Security in WordPress is a broad topic and there are many aspects to it. I was listening to a podcast by Post Status 1 the other day and realized that I really need to improve my understanding of security from a developer perspective. So I’m not trying to find out how to make a WordPress installation more secure, but how to write more secure WordPress code for themes and plugins. The basic philosophy is to not trust any data that your program interacts with and always make sure it will work with the given input. In code, there are three main steps to achieve this. They usually happen in this order over the life cycle of the data.

  1. Validating: Before interacting with data, always make sure that it is of the expected type and format.

  2. Sanitizing: Before storing data to the database, remove all potentially malicious parts.

  3. Escaping: Prepare data to be safe for a certain context.

Of course these concepts apply to a much wider range of software than a content management system, but the cool thing about WordPress is that it encourages and helps me as a developer implementing them. So what I’ll try to do here is establish a few easy-to-implement rules on how to write more secure WordPress code by leveraging helper functions that ship with PHP and the core.

Validating

Because PHP does not have static types many different things can hide behind a variable name. That can be quite flexible and powerful, but also introduces a million ways a program can break. Pretty much all code is based on some assumptions and if they are violated, the code breaks. So instead of leaving the assumptions implicit, validation makes them explicit. Usually that means wrapping some code inside an if-clause that checks the assumption it is based on.

The else-clause could then decide to default into some other case, throw an exception or whatever makes most sense in that particular situation. In addition to that, multiple input formats can be checked and distinguished. A function could for example work with a post id or the post object itself. Both options might make sense and using input validation the code will adjust itself during each function call. Lots of these assumptions involve type checking and seeing if something “is there”. Here is a list of some handy PHP functions to do this:

is_numeric( $var );
is_array( $var );
is_object( $var );
is_string( $var );
isset( $data['key'] );
in_array( $var, $arr );
strlen( $var );
count( $arr);
empty( $var );

Sanitizing

Sanitizing data means removing all potentially malicious parts from it. Validation is usually read-only, but sanitization manipulates the data and only leaves the safe parts untouched. But which parts are safe or not is determined by the context so this seems like a tedious task. Good for us that WordPress provides an arsenal of helper functions to achieve this. Most of those functions are inside a file called formatting.php 2.

In fact this file also contains a function that I always wondered where it resides in WordPress: sanitize_title. When you start a new post in WordPress, enter a title and hit save it will generate a slug for you. I did not look it up, but I think this function is probably what is used or comes very close to it. I will need more experience to decide on the most useful ones, but here are some that look very promising:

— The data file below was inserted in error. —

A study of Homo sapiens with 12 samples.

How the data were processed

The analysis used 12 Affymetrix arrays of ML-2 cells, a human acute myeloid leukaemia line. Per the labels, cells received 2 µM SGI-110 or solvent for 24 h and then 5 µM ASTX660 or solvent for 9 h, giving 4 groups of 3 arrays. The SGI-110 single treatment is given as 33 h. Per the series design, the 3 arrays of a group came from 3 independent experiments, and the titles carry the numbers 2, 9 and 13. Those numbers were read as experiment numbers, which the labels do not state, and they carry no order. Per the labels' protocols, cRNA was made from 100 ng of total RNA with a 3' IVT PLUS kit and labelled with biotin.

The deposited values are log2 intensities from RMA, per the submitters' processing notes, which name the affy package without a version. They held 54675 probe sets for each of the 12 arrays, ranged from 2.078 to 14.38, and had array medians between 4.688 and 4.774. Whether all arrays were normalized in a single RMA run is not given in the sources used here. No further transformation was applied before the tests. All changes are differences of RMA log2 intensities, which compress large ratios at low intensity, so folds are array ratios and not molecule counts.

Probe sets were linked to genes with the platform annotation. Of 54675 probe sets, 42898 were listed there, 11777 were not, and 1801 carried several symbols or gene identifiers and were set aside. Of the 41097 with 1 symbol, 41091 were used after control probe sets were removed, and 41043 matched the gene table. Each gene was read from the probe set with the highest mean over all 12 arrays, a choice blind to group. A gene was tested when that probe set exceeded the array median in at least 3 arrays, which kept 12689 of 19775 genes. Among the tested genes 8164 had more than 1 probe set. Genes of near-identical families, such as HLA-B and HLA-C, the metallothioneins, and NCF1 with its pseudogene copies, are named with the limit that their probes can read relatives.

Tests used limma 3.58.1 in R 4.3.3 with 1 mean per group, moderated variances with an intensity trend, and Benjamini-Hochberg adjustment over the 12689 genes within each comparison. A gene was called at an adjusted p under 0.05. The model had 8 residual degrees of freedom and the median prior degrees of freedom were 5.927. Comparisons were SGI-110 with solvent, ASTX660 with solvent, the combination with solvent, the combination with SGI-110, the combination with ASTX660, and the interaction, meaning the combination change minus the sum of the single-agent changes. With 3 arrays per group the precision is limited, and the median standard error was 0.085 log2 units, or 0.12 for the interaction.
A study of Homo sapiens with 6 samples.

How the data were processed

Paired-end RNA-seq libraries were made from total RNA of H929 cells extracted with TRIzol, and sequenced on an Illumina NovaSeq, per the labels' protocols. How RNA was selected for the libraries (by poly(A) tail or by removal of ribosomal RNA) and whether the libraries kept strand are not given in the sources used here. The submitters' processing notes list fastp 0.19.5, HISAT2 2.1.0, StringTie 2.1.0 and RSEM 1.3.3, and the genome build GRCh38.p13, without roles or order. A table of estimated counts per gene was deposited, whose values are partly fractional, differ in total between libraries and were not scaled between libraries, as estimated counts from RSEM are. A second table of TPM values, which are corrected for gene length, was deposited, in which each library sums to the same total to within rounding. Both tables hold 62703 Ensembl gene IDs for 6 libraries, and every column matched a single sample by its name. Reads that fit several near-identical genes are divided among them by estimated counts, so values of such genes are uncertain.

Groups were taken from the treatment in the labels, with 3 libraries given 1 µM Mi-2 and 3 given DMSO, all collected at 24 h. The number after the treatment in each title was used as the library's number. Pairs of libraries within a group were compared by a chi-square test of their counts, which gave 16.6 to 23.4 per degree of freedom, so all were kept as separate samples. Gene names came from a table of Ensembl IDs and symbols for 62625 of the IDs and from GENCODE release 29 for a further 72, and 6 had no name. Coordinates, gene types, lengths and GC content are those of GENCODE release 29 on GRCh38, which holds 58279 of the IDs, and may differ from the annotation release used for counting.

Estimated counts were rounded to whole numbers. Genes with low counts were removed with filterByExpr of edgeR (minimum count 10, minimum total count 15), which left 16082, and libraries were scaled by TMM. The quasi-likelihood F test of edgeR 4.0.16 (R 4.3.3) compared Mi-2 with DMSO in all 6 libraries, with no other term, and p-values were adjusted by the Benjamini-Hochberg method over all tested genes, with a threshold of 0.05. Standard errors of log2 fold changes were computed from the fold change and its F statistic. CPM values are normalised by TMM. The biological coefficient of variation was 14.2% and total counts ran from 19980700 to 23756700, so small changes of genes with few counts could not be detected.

sanitize_text_field( $str );
sanitize_title( $str );
sanitize_email( $str );
sanitize_file_name( $str );

Escaping

The other two steps were about working with external data in a safe way. Escaping is more about making sure data is safe and properly formatted for a certain context. This is a really general concept, but in WordPress the context often happens to be some part of an HTML document. Therefore it is quite crucial to make sure all dynamic parts that are sent to visitors are cleaned beforehand. This avoids things like inline script-tags or click handlers from being inserted into the markup. Furthermore there are methods that make sure that only valid characters are sent, special characters are properly encoded and more. For many of these, there is an equivalent function that escapes and translates or even escapes, translates and outputs the resulting safe string. These are the ones with those unreadable function names like esc_attr_e. This one for example prepares a string to be safe as an HTML attribute, translates and echoes it. And there are many more:

esc_html( $str );
esc_attr( $str );
esc_url( $str );
esc_js( $str );
esc_textarea( $str );

Extra security requires extra work

It is not that I never thought about these things before, but I always imagined it to be a lot of extra work that does not pay off very well. Now I think it is just a habit that one needs to practice until it becomes second nature. The payoff in code security and stability will definitely be worth the few extra lines here and there. Here are my conclusions that I need to start implementing:

  • Validate all assumptions about data from user input, the database or an external resource and react to things that did not come in as expected.

  • Before storing data into the database, think about what I expect the data to be and sanitize it accordingly

  • All dynamic data put into markup must be wrapped inside some escaping function.

  • Escape late and escape often. Escaping data twice is a minor performance loss, escaping data zero times is a major security vulnerability.